An extended media column by the New York Times’ Ben Smith is mostly about his competitors at the Washington Post dealing with racial issues, but the opening resonates in Little Rock and in current events.
Almost anyone who works in the Washington Post newsroom can look inside its publishing system, Methode, to see what stories are coming. And at the height of the furor over Brett Kavanaugh’s nomination to the Supreme Court in 2018, some who did saw a shocking article awaiting publication.
In the article, Bob Woodward, the Post legend who protected the identity of his Watergate source, Deep Throat, for 30 years, was going to unmask one of his own confidential sources. He was, in particular, going to disclose that Judge Kavanaugh had been an anonymous source in his 1999 book “Shadow: Five Presidents and the Legacy of Watergate.”
Mr. Woodward was planning to expose Mr. Kavanaugh because the judge had publicly denied — in a huffy letter in 1999 to The Post — an account about Kenneth Starr’s investigation of President Bill Clinton that he had himself, confidentially, provided to Mr. Woodward for his book. (Mr. Kavanaugh served as a lawyer on Mr. Starr’s team.)
The article, described by two Post journalists who read it, would have been explosive, arriving as the nominee battled a decades-old sexual assault allegation and was fighting to prove his integrity.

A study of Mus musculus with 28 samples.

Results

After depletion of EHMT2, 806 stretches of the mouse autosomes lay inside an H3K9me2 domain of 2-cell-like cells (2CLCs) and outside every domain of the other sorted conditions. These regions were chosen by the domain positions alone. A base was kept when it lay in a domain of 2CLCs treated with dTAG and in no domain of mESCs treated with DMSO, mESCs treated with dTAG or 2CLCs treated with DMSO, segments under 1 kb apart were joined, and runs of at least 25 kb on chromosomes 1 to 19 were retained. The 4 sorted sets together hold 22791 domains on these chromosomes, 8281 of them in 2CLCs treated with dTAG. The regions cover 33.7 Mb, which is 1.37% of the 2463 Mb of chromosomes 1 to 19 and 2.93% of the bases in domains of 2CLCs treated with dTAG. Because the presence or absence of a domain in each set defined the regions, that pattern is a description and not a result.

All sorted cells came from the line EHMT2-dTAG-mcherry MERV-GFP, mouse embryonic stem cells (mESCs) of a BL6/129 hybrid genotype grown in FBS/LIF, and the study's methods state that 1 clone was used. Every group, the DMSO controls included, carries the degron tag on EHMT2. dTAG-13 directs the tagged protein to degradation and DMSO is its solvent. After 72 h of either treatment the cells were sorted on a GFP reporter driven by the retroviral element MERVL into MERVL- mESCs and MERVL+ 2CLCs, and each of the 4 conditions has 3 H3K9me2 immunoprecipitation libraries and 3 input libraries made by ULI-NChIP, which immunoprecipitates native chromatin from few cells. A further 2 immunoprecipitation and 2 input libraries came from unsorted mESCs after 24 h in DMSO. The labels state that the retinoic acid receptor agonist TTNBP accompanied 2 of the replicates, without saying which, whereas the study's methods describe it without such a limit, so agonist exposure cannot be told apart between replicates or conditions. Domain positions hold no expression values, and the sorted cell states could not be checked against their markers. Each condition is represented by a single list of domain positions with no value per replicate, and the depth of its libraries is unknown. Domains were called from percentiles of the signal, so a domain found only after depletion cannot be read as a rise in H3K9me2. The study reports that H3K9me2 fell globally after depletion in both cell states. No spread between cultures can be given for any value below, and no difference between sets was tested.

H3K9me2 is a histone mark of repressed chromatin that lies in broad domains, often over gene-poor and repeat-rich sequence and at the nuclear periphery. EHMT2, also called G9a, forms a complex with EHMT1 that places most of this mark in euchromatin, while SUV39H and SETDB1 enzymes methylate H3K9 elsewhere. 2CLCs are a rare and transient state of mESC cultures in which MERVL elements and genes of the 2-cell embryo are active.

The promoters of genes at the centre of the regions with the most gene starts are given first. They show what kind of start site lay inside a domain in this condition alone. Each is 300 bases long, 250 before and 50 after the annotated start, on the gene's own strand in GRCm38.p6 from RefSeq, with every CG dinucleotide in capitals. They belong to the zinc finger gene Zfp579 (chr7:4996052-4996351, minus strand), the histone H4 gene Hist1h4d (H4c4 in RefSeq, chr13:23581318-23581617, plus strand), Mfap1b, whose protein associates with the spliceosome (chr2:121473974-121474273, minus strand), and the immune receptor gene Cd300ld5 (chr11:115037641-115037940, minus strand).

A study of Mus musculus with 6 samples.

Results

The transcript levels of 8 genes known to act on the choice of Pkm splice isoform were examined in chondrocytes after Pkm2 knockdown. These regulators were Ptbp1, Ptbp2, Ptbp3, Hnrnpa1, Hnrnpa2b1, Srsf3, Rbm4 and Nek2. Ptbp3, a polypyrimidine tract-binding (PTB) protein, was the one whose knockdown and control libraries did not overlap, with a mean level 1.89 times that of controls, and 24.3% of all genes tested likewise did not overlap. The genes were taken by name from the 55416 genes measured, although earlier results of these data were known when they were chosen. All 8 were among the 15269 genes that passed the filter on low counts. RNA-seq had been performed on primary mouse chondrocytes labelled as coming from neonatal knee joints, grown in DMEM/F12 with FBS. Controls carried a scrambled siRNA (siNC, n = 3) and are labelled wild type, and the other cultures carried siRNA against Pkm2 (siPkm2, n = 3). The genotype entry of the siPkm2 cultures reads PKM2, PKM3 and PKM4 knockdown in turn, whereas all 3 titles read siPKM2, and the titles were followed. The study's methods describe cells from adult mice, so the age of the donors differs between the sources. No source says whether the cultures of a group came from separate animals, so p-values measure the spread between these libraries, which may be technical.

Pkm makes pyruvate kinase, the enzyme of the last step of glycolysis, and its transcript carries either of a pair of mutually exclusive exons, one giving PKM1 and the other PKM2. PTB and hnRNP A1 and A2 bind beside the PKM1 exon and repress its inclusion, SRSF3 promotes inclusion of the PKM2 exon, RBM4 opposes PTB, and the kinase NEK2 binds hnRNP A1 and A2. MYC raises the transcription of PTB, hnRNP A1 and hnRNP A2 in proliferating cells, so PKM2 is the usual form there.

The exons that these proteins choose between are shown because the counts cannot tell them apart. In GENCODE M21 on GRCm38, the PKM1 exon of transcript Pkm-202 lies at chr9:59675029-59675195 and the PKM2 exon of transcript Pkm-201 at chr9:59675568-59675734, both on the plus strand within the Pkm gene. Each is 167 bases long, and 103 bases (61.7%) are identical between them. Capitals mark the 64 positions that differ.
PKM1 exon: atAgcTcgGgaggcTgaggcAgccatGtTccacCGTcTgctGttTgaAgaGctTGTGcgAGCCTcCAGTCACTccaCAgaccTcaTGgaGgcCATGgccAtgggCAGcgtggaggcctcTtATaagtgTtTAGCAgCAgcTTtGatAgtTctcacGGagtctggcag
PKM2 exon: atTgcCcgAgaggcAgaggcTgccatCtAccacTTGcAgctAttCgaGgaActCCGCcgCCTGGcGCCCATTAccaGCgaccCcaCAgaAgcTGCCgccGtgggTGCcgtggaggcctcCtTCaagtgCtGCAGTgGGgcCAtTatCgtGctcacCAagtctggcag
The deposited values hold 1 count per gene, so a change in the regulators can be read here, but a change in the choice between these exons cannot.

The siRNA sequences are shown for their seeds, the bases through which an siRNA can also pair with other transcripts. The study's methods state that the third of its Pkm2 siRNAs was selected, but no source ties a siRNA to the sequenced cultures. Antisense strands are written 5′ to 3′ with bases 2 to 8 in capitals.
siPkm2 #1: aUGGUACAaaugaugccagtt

The article was nearly ready when the executive editor, Martin Baron, stepped in. Mr. Baron urged Mr. Woodward not to breach his arrangement with Mr. Kavanaugh and to protect his old source’s anonymity, three Post employees said. (The three, as well as other Post journalists who spoke to me, insisted on anonymity because The Post prefers that its employees not talk to the media.)
Mr. Baron and other editors persuaded Mr. Woodward that it would be bad for The Post and “bad for Bob” to disclose a source, one of the journalists told me. The piece never ran.
Brett Kavanaugh? Integrity?
It wouldn’t have mattered most likely. The Senate Republicans were going to confirm Kavanaugh no matter how discredited he might have been.
The anecdote encapsulates the sanctimonious hypocrisy of Whitewater persecuter Kenneth Starr. He proclaimed his high integrity as he leaked madly to sympathetic stenographers, using people like Brett Kavanaugh as go-betweens.
UPDATE: More on Kavanaugh’s M.O. He tried it with New York Times reporters but they wouldn’t play along.